Police were injured as loyalists rioted in Belfast city centre after a controversial vote on the Union flag.
The violence spread to parts of east Belfast last night where loyalists who had earlier tried to smash their way into the grounds of City Hall attacked a Catholic church.
A police spokeswoman said reinforcements had to be called in to deal with hundreds of loyalists throwing missiles, including fireworks, bricks and bottles.
Five police officers, including two women, were injured during the disturbances.
A Police Service of Northern Ireland (PSNI) spokeswoman said: "Five police officers have been injured, two of whom have been hospitalised. Two security staff of Belfast City Hall have also been injured."
It is understood a press photographer was also taken to hospital for treatment for hand and facial injuries.
Trouble broke out minutes after Belfast city councillors voted to remove the flag from City Hall.
It is the first time the Union flag has been taken down from the Edwardian building since it opened in 1906.
Councillors agreed by 29 votes to 21 to bring City Hall into line with Stormont and other Government buildings and fly the flag on 17 designated days.
Sinn Fein Policing Board member Gerry Kelly said the PSNI had serious questions to answer about their operation.
He said: "I have to say, and I don't use these words unless I really mean them, it was a disgraceful police operation - or lack of a police operation.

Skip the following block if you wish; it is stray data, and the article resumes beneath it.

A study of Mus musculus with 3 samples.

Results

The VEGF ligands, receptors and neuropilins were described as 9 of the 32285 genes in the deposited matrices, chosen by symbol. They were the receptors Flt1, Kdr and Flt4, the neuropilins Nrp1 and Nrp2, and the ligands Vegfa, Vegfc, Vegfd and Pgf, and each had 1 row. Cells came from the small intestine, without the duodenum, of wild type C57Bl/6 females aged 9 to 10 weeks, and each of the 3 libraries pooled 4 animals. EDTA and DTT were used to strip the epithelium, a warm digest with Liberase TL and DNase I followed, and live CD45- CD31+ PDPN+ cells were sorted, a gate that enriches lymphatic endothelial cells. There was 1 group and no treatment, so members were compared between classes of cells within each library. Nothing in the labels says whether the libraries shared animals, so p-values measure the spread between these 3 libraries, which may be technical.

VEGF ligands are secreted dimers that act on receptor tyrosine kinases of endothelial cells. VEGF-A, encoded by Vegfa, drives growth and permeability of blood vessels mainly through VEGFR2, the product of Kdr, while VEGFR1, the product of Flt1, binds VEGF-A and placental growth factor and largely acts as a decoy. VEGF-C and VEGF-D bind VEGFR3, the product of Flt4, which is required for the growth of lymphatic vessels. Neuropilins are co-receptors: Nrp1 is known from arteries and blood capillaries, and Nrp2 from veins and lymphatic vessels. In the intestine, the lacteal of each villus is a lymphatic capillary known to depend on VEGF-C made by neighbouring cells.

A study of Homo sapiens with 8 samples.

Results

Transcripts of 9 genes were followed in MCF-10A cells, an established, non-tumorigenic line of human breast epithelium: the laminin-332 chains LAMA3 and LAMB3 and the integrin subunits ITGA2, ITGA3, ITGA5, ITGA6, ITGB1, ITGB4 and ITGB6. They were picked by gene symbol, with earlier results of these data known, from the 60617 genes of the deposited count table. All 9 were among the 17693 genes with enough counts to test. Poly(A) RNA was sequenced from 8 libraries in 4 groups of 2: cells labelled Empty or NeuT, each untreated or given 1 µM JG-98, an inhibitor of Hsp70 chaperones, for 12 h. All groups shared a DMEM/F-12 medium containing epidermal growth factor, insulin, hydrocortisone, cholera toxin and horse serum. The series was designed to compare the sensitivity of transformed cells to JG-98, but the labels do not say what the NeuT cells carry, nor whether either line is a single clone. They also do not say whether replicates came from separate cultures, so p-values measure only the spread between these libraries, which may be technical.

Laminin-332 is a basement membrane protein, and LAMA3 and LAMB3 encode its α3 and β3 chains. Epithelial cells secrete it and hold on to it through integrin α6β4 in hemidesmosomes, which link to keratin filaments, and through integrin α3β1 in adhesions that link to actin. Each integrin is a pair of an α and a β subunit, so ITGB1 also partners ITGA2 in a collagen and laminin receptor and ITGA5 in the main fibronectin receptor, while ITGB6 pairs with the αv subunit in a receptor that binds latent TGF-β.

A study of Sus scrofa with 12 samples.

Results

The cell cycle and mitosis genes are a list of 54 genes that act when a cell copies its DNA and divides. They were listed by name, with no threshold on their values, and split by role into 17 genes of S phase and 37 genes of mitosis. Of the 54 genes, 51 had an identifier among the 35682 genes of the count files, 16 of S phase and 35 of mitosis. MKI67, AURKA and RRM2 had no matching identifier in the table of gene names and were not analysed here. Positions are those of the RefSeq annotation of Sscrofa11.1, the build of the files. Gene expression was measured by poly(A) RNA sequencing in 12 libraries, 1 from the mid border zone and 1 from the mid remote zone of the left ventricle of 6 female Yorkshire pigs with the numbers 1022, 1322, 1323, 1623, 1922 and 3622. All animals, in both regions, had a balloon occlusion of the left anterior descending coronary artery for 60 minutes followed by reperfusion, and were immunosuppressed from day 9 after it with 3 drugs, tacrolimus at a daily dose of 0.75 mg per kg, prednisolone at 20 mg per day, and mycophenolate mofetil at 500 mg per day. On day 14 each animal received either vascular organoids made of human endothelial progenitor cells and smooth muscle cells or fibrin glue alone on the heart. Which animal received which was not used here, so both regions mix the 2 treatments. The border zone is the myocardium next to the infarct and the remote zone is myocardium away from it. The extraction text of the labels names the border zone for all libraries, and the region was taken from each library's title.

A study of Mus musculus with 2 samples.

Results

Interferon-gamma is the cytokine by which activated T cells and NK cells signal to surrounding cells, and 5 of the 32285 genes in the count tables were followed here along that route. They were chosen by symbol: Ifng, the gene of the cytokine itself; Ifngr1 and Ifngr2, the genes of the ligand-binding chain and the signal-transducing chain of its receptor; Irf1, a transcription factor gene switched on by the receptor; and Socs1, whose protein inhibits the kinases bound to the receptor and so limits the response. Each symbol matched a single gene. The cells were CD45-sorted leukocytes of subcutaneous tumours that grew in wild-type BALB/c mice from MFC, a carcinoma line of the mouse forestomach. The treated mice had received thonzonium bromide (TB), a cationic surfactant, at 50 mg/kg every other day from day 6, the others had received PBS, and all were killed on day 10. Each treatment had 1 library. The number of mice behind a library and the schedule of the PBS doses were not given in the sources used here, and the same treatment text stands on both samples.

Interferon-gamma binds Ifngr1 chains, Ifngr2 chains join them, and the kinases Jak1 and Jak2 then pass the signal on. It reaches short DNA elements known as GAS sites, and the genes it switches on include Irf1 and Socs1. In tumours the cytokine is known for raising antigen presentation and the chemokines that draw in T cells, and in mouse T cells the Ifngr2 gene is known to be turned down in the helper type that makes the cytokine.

"If that had been 1,000 or more republicans out there ... they would not have left it that they were able to come into the back of City Hall.
"They indiscriminately attacked cars. We are very, very lucky that they didn't get into the building or we could have been dealing with a lot more injuries."
Cars belonging to elected members and council staff were damaged during the disorder.
DUP councillor Christopher Stalford condemned those responsible for violence.
He said: "There can be absolutely no excuse for the violence which ensued after the result of the vote on the flying of the Union flag.
"The violence has distracted from the issue we should be focusing on - the parties in Belfast City Council who have voted as a block to strip the City Hall of its flag."
The volatile situation in east Belfast had calmed by 11pm. The PSNI deployed its helicopter and riot squad officers in Land Rovers to monitor the large crowd gathered at Albertbridge Road and Newtownards Road.
Meanwhile, Northern Ireland Justice Minister David Ford added his condemnation.
He said: "The violence which took place at the City Hall and round St Matthew's Church was the responsibility of two groups of people. The first is those who went to the City Hall spoiling for a fight, who attacked police officers and council staff.
"But there is a second group which bears responsibility. DUP and UUP politicians fomented this protest, with both leaflets and the use of social media. They called people on to the streets. They must have known, from experience as recent as this summer, that violence was almost inevitable. They cannot avoid their responsibility.
"Such violence should be condemned by all civic and community leaders."